Roman Composite Enamelled Plate Brooch
A finely cast Roman bronze composite plate brooch decorated with vibrant blue and red enamel. The brooch features a central, rectangular plate perforated along the long edge by three circular cells. Sitting horizontally across the plate is an additional bronze bar, featuring a projecting emblem of the three same circular motifs that feature along the side. At each end is a concave triangle, ending in a knob terminal. Each triangular end is decorated with blue enamel with a round, red enamel cell at its centre. To the reverse is an original hinge and pin, with a large perforated catch plate. A rare piece in very good condition.
Circa 2nd century AD Provenance:
Ex Cambridge collection, ex Gorny & Mosch Sale 231, 17th June 2015, lot 272 (part), ex Slg. D.K., acquired circa 1980s.Condition:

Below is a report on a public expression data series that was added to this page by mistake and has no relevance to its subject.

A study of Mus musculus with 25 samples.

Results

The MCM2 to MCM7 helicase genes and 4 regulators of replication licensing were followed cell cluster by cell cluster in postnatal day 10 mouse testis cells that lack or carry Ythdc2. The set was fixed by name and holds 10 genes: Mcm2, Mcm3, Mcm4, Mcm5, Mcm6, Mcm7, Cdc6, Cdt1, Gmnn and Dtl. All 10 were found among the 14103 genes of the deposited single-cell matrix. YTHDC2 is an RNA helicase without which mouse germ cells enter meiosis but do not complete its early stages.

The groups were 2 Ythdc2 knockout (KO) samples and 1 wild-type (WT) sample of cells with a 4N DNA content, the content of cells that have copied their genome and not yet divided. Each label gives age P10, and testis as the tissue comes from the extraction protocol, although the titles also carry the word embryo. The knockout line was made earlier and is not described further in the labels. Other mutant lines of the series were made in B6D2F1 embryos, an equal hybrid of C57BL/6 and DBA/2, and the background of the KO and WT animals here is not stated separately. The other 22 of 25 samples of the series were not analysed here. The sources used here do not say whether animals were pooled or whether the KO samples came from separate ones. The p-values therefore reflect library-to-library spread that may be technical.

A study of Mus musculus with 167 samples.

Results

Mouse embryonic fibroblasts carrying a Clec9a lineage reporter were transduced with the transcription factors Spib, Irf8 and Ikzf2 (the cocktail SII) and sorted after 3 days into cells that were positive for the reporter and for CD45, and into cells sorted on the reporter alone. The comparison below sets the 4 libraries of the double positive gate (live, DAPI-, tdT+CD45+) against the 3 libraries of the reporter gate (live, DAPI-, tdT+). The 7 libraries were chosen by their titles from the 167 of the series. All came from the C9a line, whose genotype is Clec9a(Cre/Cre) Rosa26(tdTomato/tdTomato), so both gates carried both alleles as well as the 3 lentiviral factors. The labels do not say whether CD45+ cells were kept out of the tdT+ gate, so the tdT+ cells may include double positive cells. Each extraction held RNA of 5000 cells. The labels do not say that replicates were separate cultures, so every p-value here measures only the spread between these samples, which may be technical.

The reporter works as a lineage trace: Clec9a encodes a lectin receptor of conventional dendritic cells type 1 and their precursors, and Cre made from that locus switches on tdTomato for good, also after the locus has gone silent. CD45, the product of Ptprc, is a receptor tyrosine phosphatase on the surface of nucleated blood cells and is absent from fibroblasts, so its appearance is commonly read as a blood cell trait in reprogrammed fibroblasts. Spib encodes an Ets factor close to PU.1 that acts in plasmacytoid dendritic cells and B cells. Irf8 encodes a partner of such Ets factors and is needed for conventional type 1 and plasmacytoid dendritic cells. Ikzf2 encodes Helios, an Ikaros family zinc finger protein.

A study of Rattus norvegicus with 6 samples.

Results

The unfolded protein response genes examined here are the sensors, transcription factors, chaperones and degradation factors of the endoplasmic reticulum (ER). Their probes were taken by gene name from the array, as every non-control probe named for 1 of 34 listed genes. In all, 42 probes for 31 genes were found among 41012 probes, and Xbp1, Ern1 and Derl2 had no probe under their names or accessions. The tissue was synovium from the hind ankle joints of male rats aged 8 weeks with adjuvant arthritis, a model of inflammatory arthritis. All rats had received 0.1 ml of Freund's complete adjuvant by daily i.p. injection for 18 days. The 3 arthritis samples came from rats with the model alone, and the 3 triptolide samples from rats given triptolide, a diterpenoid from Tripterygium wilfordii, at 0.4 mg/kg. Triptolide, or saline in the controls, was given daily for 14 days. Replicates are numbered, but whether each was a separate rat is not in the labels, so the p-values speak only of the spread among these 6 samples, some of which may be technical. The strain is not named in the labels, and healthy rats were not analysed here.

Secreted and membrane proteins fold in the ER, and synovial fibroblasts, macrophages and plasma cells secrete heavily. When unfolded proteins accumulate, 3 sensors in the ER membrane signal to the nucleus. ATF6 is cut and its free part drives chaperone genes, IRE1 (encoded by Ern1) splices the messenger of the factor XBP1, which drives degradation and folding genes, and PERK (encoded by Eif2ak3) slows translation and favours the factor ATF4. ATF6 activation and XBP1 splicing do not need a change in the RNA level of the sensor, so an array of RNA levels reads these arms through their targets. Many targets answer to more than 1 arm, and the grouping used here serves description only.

Excellent condition. Enamel still vibrant. Pin and hinge still intact. Openwork horizontal perforations missing slightly.
Fibulae or brooches were originally used in Ancient Greece and in the Roman Empire for fastening garments, such as cloaks or togae. The fibula designs developed into a variety of shapes, but all were based on the safety-pin principle. The Roman conquests resulted in a spread of Roman culture and therefore the use of the fibula, which became the basis for more complicated and highly decorated brooches, modelled in bronze, silver and gold and further enriched with precious and semi-precious gemstones. Fibulae are the most common artefact-type in burials and settlements throughout much of continental Europe. By the Middle Ages, the Roman safety pin type of fibula had fallen into disuse.
The composite plate brooch, as the name would suggest, pulls together multiple elements from known brooch types, creating a fibula that is relatively unique.